A San Diego Man Is Feeling The Burn With His Guinness World Record

If San Diego didn't exist, we might not have such cultural criterions as Dr. Suess, the "Top Gun" franchise, pro-skater Tony Hawk, Double IPAs, or Dr. Bronner's Magic Soaps (per Thrillist). And for all the laid-back energy it exudes from its Pacific Coast boardwalks and fish taco stands, the Southern California city has also played host to a number of winning titles awarded by the crème de la crème of reference guides for human achievement: The Guinness Book of World Records. 

Upon its 100th anniversary, for example, the San Diego Zoo achieved Guinness fame for the "largest gathering of people wearing hand puppets," per the guide's website – a stunning accomplishment, for sure. Then, in 2019, a San Diego bar did the city proud once again with its "record-breaking whiskey collection." The following year, a San Diego woman broke the record for "the oldest competitive rope skipping contestant," and she basked in the glory alongside a pair of fellow San Diegites who took home the gold for "the oldest living triplets," per Patch

"America's finest city" recently added yet another record-breaking resident to its roster: Gregory Foster, chili-eating extraordinaire.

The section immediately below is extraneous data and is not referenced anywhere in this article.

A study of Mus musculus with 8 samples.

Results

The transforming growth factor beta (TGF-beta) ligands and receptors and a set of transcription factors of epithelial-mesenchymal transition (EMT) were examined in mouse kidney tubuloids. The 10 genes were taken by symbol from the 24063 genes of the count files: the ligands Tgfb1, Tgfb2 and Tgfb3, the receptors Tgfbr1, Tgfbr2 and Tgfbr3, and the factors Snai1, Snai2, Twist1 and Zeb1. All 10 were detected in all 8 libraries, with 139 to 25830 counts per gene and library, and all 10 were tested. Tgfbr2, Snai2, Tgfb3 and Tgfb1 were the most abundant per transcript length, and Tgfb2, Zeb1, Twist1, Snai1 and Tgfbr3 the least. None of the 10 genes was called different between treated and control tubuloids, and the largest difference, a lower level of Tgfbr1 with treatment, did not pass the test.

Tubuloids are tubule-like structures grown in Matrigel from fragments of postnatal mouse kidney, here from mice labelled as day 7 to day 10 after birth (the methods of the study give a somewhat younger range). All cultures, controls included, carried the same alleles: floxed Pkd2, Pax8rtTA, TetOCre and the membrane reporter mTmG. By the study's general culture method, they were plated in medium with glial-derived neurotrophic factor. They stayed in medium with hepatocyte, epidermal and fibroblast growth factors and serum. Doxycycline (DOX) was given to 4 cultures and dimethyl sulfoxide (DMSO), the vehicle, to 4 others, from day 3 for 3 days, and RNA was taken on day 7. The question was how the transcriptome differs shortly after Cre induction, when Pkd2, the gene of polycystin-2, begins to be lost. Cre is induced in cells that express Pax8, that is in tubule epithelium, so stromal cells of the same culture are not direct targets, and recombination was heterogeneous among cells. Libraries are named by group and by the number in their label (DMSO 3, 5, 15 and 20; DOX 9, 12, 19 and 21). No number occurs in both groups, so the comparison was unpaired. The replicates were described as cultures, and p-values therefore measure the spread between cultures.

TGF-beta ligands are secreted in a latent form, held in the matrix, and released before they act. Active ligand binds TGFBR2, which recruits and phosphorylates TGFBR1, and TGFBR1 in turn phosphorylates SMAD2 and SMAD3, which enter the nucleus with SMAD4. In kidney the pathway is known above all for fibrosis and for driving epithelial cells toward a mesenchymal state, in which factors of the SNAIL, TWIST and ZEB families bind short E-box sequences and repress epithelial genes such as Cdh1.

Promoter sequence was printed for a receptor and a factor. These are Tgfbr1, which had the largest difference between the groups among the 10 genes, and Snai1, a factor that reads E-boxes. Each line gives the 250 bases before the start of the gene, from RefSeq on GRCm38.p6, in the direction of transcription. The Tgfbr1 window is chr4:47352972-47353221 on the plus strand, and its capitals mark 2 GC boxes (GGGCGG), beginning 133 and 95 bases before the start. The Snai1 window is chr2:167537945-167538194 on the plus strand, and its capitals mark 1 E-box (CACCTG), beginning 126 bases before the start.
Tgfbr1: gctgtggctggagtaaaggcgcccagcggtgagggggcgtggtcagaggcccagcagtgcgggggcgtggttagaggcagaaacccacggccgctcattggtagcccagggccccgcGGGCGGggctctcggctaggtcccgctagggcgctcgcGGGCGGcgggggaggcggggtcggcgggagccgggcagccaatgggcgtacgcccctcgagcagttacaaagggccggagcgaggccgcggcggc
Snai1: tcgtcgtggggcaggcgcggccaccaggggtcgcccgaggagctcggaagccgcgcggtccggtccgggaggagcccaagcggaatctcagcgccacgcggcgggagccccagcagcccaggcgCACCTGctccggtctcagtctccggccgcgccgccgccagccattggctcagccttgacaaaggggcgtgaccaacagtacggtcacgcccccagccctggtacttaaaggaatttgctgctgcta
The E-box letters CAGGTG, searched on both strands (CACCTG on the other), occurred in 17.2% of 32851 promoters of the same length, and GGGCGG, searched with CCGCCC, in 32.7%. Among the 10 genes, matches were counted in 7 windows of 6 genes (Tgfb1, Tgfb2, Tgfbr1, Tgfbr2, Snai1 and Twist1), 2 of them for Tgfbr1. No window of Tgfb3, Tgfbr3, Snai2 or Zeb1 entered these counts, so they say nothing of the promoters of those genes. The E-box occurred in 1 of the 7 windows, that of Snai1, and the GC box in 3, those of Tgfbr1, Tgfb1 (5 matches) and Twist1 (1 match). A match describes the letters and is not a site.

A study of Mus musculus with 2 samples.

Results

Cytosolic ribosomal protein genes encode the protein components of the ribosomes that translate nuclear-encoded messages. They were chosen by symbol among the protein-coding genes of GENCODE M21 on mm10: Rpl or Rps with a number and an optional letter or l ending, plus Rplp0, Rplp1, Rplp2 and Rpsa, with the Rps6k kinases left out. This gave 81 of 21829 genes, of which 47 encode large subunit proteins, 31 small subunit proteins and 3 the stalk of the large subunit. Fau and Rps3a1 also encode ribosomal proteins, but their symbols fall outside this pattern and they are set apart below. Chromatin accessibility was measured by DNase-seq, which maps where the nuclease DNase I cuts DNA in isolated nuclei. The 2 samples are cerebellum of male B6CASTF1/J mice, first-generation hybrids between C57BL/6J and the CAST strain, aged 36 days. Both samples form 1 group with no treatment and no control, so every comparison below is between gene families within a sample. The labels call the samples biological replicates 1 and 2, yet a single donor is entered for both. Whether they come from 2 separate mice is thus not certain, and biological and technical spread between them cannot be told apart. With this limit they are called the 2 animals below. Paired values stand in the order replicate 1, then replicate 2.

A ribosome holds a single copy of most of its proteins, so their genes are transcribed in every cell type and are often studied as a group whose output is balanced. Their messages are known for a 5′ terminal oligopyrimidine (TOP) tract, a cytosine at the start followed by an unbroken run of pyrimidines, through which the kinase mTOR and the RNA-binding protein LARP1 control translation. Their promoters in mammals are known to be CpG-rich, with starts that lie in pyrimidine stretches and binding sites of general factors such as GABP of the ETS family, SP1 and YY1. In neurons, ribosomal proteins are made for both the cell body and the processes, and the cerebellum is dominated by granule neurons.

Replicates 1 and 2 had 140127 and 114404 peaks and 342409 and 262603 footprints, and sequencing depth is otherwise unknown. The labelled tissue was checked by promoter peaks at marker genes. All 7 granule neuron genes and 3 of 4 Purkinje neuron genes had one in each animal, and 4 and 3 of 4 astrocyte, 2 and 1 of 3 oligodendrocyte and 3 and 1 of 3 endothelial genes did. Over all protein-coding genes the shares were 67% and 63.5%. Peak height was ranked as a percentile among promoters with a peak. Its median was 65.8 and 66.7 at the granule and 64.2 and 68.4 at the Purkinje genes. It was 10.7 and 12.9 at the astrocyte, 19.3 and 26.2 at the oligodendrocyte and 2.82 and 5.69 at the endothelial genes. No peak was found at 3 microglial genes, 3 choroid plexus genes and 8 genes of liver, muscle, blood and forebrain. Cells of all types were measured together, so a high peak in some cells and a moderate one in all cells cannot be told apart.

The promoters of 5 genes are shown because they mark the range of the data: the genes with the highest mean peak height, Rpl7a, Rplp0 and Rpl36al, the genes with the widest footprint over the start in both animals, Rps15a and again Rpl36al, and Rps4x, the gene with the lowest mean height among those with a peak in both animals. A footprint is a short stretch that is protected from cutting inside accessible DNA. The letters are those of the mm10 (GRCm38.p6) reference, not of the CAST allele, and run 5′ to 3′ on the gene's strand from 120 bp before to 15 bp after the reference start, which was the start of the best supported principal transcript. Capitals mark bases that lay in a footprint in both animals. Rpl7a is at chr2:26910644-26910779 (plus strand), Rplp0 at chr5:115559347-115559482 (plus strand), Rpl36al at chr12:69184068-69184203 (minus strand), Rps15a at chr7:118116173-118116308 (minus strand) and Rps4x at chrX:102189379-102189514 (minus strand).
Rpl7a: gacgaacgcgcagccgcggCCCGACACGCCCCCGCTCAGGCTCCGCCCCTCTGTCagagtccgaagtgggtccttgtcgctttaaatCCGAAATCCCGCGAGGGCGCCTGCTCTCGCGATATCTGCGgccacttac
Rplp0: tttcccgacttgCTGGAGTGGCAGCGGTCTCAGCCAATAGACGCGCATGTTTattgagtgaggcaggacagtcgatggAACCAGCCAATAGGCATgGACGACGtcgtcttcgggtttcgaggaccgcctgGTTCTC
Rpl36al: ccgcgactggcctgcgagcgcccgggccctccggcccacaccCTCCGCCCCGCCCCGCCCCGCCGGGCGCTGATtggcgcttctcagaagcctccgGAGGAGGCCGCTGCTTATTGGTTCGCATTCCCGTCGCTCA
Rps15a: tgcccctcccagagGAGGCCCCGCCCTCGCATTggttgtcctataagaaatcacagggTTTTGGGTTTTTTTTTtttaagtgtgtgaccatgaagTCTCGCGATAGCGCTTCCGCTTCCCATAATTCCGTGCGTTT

The record-breaker ate some very spicy peppers

In December, San Diego man Gregory Foster came in hot to break the record of "fastest time to eat three Carolina Reaper chillies," per Guinness World Records, downing them in an impressive (and not-so-mildly concerning) 8.72 seconds. It might not surprise you to learn that Foster is the proprietor of a hot sauce company, Inferno Farms, nor that he already holds the world record for most Carolina Reaper chillies eaten in one minute. "The chili fan attempted the record as a personal challenge, to see how far he could push himself and his love for the Carolina Reaper pepper," reports Guinness. 

If you've never heard of a Carolina Reaper, think of it as a tiny blistered volcano of heat. The average Reaper, (which holds its own Guinness World Record as the hottest chili pepper in the world) contains roughly 1,641,183 Scoville Heat Units, according to a Winthrop University of South Carolina study cited by Guinness, while a milder pepper, like the Jalapeño, clocks in between 2,500 to 8,000 units. 

For Foster, participating in a Reaper-eating challenge is all about listening to your body. After all, eating a Carolina Reaper pepper sent someone to the ER last summer for "thunderclap headaches," an archaic-sounding condition caused by narrowing blood vessels in the brain. Scary! Foster seems unfazed by the dangers of his passion, sharing "I've always loved spicy food and have constantly tried to push my tolerance to the limit." He certainly succeeded.